I'd like to introduce the newest inhabitants of the Garden of Aaron:
|Glossy Abelia (Abelia x grandiflora)|
I added both the species - which reportedly can grow as large as 10-feet tall - as well as a cultivar called Rose Creek that is supposed to stay much smaller. I planted them for their reputed toughness, semi-evergreen nature (fully evergreen in warmer zones) and ability to attract bees and butterflies over a long flowering season.
Photo courtesy of Tatters
|Forsythia x intermedia|
Photo courtesy of Klasse im Garten
I planted a variety called Lynwood (also known as Lynwood Gold) that should grow up to 8-10 feet tall by 6-8 feet wide.
I'd like to add another groundcover variety called Gold Tide, but I'm having a devilish time trying to find one at any local nurseries.
|Winter Jasmine (Jasminum nudiflorum)|
Photo courtesy of Amanda Slater
|Heavenly Bamboo (Nandina domestica), Gulf Stream variety|
Photo courtesy of hollysuewho
Now I know these picks are not going to win me any praise from native plant enthusiasts.
Heck, I'm a native plant enthusiast, ergo I feel a bit guilty about my choices.
But I was careful to choose plants that do not have any reputation for invasiveness.
Well, to be clear, Heavenly Bamboo does have a reputation for being invasive in the Southeastern United States, but the Gulf Stream variety that I planted reportedly produces hardly any berries.
Since Nandina reportedly spreads invasively when birds eat its berries and disseminate its seeds, it stands to reason that a berry-less plant like Gulf Stream could not be invasive.
As far as I know, Forsythia and Abelia are not on any invasive species lists. I think Winter Jasmine can 'invade' in the sense of spreading aggressively and vigorously through tip-layering, but I don't believe it spreads long distances by seeding.
So why plant exotics and why these specifically?
All of these have a reputation for being extremely tough and versatile, able to handle drought, heat, cold, wind, clay soil and rampaging dinosaurs. (OK, I made that last one up.)
I'm not sure that they all can handle compacted, poorly-drained clay soil, but I've planted the Nandina and the Winter Jasmine on a bit of a slope where I hope the soil will drain a little better. And I've tried planting all of these shrubs a little bit on the high side, which I've read can help when dealing with compacted clay soil.
Why not just bring in massive amounts of soil to create a raised bed or heavily amend the soil I've got?
I have a couple of reasons, but a big part of it revolves around a gardening mantra I read recently in The New American Landscape: Don't Fight the Site.
I believe there's a good deal of wisdom in those four simple words. My land encompasses around 3/4 of an acre and nearly all of it is heavy, compacted clay.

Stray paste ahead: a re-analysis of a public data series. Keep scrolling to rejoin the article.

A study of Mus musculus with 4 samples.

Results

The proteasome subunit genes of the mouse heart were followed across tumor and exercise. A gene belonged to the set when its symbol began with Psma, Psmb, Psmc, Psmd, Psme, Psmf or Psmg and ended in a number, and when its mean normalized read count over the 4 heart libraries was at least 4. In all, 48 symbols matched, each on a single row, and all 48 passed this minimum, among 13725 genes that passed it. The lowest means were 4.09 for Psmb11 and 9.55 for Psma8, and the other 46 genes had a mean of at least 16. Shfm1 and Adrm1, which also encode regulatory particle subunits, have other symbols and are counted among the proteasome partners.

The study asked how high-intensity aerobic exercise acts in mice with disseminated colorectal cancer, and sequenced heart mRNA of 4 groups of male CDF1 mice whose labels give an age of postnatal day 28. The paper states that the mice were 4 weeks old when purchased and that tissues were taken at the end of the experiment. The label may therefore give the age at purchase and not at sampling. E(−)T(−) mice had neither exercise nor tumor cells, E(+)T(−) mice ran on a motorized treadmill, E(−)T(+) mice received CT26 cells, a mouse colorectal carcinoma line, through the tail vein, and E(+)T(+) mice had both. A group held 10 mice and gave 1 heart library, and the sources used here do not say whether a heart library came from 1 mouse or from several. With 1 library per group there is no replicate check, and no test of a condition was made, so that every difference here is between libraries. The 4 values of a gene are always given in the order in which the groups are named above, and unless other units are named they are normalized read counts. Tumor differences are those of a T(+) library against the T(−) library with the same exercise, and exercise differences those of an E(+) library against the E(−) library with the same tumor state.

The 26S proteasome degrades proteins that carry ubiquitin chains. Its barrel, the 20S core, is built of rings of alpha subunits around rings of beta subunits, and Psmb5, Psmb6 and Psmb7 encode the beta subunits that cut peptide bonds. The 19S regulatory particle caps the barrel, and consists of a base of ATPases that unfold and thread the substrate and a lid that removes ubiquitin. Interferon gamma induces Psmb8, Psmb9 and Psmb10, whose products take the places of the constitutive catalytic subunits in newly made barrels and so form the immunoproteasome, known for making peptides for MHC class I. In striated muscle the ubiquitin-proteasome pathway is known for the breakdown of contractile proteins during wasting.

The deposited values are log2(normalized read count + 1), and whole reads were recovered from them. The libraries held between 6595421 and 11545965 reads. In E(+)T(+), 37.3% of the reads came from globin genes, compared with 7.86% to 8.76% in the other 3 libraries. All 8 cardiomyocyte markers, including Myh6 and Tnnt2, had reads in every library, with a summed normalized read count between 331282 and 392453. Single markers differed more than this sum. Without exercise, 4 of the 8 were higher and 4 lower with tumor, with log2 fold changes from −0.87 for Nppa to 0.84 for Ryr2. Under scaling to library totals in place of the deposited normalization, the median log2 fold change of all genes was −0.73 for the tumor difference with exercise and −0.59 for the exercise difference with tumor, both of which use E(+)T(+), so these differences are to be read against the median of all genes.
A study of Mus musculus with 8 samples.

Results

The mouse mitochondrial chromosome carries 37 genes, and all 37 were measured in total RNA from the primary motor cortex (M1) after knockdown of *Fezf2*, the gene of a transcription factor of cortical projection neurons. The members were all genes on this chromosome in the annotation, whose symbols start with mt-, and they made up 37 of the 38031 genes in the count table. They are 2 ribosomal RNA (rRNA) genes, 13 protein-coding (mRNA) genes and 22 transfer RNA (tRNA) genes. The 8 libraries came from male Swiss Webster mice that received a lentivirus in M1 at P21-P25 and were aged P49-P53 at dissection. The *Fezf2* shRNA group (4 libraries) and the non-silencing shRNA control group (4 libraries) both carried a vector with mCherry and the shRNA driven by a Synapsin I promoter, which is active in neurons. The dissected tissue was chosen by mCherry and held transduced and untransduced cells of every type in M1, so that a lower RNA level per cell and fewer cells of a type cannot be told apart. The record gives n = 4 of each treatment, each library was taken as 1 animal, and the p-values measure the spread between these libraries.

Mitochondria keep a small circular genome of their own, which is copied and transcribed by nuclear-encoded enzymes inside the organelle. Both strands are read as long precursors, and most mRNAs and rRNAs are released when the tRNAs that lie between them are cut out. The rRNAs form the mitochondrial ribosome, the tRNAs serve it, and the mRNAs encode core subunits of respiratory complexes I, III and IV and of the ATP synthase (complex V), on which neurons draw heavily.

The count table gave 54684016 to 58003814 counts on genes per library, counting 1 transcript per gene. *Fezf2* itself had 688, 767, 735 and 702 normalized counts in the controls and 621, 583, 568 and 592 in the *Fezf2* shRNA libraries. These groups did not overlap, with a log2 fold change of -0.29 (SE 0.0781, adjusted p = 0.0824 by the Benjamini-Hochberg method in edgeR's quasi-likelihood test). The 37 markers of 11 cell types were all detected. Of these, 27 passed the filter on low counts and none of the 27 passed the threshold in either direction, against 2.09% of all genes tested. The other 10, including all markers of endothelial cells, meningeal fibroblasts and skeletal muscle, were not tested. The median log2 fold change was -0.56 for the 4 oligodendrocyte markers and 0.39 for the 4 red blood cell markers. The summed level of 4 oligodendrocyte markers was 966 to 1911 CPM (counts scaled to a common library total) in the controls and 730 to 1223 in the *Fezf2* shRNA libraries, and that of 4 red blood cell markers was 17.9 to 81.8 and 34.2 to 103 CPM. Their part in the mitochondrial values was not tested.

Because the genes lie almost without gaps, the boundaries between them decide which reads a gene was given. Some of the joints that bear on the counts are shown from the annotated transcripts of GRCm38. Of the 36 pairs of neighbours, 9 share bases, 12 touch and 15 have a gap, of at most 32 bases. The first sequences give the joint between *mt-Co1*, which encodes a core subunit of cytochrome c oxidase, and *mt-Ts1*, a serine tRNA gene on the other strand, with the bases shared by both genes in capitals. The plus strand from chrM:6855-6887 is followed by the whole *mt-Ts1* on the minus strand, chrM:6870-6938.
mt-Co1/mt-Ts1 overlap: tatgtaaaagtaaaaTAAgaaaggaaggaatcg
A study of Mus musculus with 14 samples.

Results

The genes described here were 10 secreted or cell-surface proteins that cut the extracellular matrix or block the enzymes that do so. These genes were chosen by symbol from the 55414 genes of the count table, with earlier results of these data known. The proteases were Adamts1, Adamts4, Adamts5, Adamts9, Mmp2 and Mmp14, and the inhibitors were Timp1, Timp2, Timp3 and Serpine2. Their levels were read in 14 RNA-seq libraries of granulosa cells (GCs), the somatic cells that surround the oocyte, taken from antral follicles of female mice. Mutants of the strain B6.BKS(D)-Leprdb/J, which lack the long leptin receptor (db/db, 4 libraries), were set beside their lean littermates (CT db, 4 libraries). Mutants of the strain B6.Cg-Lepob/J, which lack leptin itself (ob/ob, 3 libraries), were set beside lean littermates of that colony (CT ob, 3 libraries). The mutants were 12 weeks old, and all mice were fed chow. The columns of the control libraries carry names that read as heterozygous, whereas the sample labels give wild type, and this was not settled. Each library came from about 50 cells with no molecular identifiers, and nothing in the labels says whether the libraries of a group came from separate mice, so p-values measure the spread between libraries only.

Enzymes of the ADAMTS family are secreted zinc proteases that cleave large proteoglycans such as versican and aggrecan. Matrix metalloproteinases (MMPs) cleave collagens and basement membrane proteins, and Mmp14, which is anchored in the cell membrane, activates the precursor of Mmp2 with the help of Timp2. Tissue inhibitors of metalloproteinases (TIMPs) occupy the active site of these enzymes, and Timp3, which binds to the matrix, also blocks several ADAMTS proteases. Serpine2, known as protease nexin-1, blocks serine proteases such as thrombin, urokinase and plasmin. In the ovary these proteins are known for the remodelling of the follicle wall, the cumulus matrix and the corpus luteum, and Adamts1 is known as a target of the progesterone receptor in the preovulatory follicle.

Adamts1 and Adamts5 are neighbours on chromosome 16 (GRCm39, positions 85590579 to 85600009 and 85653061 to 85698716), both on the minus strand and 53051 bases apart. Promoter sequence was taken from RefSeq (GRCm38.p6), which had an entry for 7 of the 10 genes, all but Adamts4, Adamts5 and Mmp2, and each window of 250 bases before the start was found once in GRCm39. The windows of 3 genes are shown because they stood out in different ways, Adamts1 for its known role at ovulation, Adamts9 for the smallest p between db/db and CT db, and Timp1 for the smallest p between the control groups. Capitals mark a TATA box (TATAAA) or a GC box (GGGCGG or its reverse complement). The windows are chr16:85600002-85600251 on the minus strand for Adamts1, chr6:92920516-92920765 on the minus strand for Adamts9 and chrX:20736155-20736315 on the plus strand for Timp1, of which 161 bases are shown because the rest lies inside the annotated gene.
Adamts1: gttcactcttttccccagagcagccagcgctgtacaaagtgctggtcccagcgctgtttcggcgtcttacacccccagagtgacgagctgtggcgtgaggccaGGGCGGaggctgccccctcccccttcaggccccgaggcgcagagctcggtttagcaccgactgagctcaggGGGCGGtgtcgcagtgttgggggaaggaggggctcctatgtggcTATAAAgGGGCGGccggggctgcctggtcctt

But I'm not alone. Many, many other people in the United States face similar "soils". And these soils are not all bad. From what I understand, clay can hold a lot of nutrients. We clay gardeners don't need to worry about water draining through the soil so fast that plants can't capture it (a worry, as I understand it, of those gardeners blessed/cursed with sandy soil).
I want to encourage sustainable, low-input, low-cost gardening. I don't want gardening to only be for those people who can afford to have good soil trucked in. And I know that there are often a lot of ecological costs behind the scenes to creating, packaging (sometimes) and transporting that soil.
I'd rather work with what I've got.
And some plants, I'm discovering, seem to be able to thrive in heavy clay. Others can cope with it. And as I discover which plants are OK with clay, and as I add more of them to the garden, I believe that their roots and their decomposing leaves, and all the insects and worms and tunneling animals that live in the garden will work the soil for me and gradually make it better and more friable.
Some of the plants (e.g., the Abelias) I've also chosen for their 'ecological services' (ability to attract and feed bees and butterflies over a long flowering season.
One (the forsythia) I've chosen for its reputed ability to provide rapid screening in an area where I could really use some privacy.
I picked the Winter Jasmine in my continuing quest to explore potential groundcovers that could free me (and many other gardeners and homeowners) from the endless cycles of mowing and mulching that currently afflict suburbia.
Both the Forsythia and the Winter Jasmine I also chose unabashedly for their reputed ability to produce cheerful yellow flowers in late winter or early spring -- a time of year when I could really use a pick-me-up.
The Nandina I picked really just for ornamental reasons -- it's got beautiful fall color -- and reputed toughness. I understand it may spread a little through underground stems, but (if it survives/thrives) I expect it to function more as an accent than as a large scale solution in the garden.
Oh and of course there's another major reason I bought and installed these plants -- they're what I could find.
I have plenty of ideas for other tough plants, many of them natives, that I'd like to try, but they're impossible to find locally. I've just ordered some via mail order from a regional nursery and hope that I'll be able to plant and introduce them shortly. Hopefully they'll arrive soon and I'll have some more newcomers to introduce to you all.